I was lucky enough to spend time at Redwood Theater as Justin from American Cinema was installing the new all-digital projection units.
Being a tech geek (in addition to other kinds of geek) I was truly enthralled by the equipment and even more importantly as a cinephile I was awed by the quality of the sights and sounds.
The movie "Oblivion" was running as Justin made final adjustments to the projector and they made sure all the components were communicating. It was beautiful.
I have always had a love/hate relationship with digital.
I love it because it has the capability to provide the highest possible quality to the end user.
I hate it because so many people don't know how to set up, calibrate, and use their digital equipment that the end result looks like garbage.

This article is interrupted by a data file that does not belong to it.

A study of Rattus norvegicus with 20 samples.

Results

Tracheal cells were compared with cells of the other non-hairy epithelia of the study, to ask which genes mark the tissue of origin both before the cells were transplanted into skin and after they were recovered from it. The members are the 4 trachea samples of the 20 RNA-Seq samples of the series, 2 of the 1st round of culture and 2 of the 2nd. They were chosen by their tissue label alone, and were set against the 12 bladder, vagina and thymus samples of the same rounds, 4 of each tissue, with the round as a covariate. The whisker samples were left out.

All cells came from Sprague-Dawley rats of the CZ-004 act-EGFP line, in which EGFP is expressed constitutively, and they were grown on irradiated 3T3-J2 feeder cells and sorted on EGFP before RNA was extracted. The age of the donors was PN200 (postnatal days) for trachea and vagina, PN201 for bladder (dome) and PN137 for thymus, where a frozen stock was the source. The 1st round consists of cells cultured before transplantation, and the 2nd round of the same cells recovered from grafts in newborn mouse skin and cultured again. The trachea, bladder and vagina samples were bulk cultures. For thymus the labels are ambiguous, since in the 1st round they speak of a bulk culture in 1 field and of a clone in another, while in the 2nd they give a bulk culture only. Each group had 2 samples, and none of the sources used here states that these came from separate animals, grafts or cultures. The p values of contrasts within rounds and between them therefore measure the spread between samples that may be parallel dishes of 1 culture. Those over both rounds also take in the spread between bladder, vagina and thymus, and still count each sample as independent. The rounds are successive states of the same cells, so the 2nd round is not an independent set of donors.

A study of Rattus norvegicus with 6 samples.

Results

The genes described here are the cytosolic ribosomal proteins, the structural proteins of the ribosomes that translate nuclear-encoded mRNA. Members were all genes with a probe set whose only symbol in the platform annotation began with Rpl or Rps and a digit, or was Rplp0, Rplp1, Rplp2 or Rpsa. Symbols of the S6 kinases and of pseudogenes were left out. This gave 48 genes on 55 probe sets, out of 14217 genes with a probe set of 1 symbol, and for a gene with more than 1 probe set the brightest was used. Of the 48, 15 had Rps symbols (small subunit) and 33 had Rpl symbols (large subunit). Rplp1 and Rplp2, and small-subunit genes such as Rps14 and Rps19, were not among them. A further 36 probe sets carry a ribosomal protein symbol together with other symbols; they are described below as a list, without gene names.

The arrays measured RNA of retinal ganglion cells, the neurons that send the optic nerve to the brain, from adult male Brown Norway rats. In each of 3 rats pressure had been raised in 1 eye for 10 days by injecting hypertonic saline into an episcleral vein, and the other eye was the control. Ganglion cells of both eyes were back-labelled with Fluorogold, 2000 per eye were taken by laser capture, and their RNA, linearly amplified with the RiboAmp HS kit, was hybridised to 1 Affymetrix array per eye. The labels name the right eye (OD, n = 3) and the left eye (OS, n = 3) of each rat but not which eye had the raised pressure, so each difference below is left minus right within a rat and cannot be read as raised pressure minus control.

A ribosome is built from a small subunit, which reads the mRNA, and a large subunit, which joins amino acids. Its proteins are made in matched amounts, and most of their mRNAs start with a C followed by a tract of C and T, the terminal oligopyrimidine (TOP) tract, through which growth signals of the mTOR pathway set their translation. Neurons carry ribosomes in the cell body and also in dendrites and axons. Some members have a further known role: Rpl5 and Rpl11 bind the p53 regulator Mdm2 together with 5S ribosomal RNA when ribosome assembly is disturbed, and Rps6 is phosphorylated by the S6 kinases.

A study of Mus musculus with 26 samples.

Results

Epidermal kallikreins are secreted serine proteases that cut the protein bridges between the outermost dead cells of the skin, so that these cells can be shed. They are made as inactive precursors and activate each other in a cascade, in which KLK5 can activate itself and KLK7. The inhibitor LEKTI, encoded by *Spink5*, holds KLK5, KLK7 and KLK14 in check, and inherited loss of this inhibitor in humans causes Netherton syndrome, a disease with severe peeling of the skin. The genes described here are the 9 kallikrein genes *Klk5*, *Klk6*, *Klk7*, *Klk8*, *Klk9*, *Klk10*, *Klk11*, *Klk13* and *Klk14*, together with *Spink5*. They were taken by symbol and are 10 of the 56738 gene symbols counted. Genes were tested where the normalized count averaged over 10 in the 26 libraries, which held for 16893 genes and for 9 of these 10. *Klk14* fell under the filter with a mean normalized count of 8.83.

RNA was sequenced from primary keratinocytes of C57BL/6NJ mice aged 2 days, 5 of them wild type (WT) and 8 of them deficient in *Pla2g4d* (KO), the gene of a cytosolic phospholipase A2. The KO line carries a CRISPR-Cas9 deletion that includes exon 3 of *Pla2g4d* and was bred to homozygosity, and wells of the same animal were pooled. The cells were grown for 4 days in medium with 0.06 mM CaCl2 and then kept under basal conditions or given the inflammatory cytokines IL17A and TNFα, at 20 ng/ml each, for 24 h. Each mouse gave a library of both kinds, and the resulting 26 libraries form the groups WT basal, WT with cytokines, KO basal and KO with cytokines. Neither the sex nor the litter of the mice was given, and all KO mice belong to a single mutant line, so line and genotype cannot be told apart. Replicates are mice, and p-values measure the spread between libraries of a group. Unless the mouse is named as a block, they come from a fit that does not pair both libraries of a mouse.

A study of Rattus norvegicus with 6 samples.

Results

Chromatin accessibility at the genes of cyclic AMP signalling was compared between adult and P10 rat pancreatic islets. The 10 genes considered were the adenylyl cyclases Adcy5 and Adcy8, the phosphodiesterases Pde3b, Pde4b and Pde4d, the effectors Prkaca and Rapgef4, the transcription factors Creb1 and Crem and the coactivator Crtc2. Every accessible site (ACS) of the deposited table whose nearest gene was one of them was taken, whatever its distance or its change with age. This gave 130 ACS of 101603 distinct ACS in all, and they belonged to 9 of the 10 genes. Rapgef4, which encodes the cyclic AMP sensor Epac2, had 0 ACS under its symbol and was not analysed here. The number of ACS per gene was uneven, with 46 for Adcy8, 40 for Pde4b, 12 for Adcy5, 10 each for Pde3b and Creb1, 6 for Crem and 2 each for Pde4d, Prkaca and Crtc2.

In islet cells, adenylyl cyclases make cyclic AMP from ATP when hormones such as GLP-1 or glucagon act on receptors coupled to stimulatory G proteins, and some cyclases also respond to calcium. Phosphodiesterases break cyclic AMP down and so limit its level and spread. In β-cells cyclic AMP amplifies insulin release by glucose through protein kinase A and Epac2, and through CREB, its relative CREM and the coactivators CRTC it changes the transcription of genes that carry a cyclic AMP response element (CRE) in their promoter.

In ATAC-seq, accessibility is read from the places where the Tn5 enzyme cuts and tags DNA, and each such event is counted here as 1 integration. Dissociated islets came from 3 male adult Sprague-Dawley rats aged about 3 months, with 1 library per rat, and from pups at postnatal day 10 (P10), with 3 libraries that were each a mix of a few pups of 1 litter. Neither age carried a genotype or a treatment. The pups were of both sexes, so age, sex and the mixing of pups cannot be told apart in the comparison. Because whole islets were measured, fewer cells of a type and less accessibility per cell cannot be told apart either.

In the hands of a trained technician - or even someone who takes the time to read and follow the manual -- a digital projector or television will absolutely sing.
In the hands of a novice - who probably threw the manual away right after they opened the box - the image becomes blown out and over-sharp.
The adage "more is better" is not always true with regard to the digital world. The point of sharpening is to make an image as sharp as the human eye can comprehend without making it look fake. No more, no less.
The other plus to digital is that the sound can come through uncompressed. I've watched my fair share of movies on Redwood's two screens and as I sat through the digital premiere of "Oblivion" on Thursday night I kept looking behind me to see what was going on at the back of the theater.
Turns out, I was just hearing the sounds that had been lost in the analog-to-digital translation that is inherent with film. It was amazing.
If you've not been to the movies in a while, now is the time to go; if you've been lately, it's time to go again.
One tidbit I was able to pry out of Justin with regard to movie watching was the best place to sit in the theater for the ultimate experience.
And no, I won't share. You'll just have to look for me at the movies.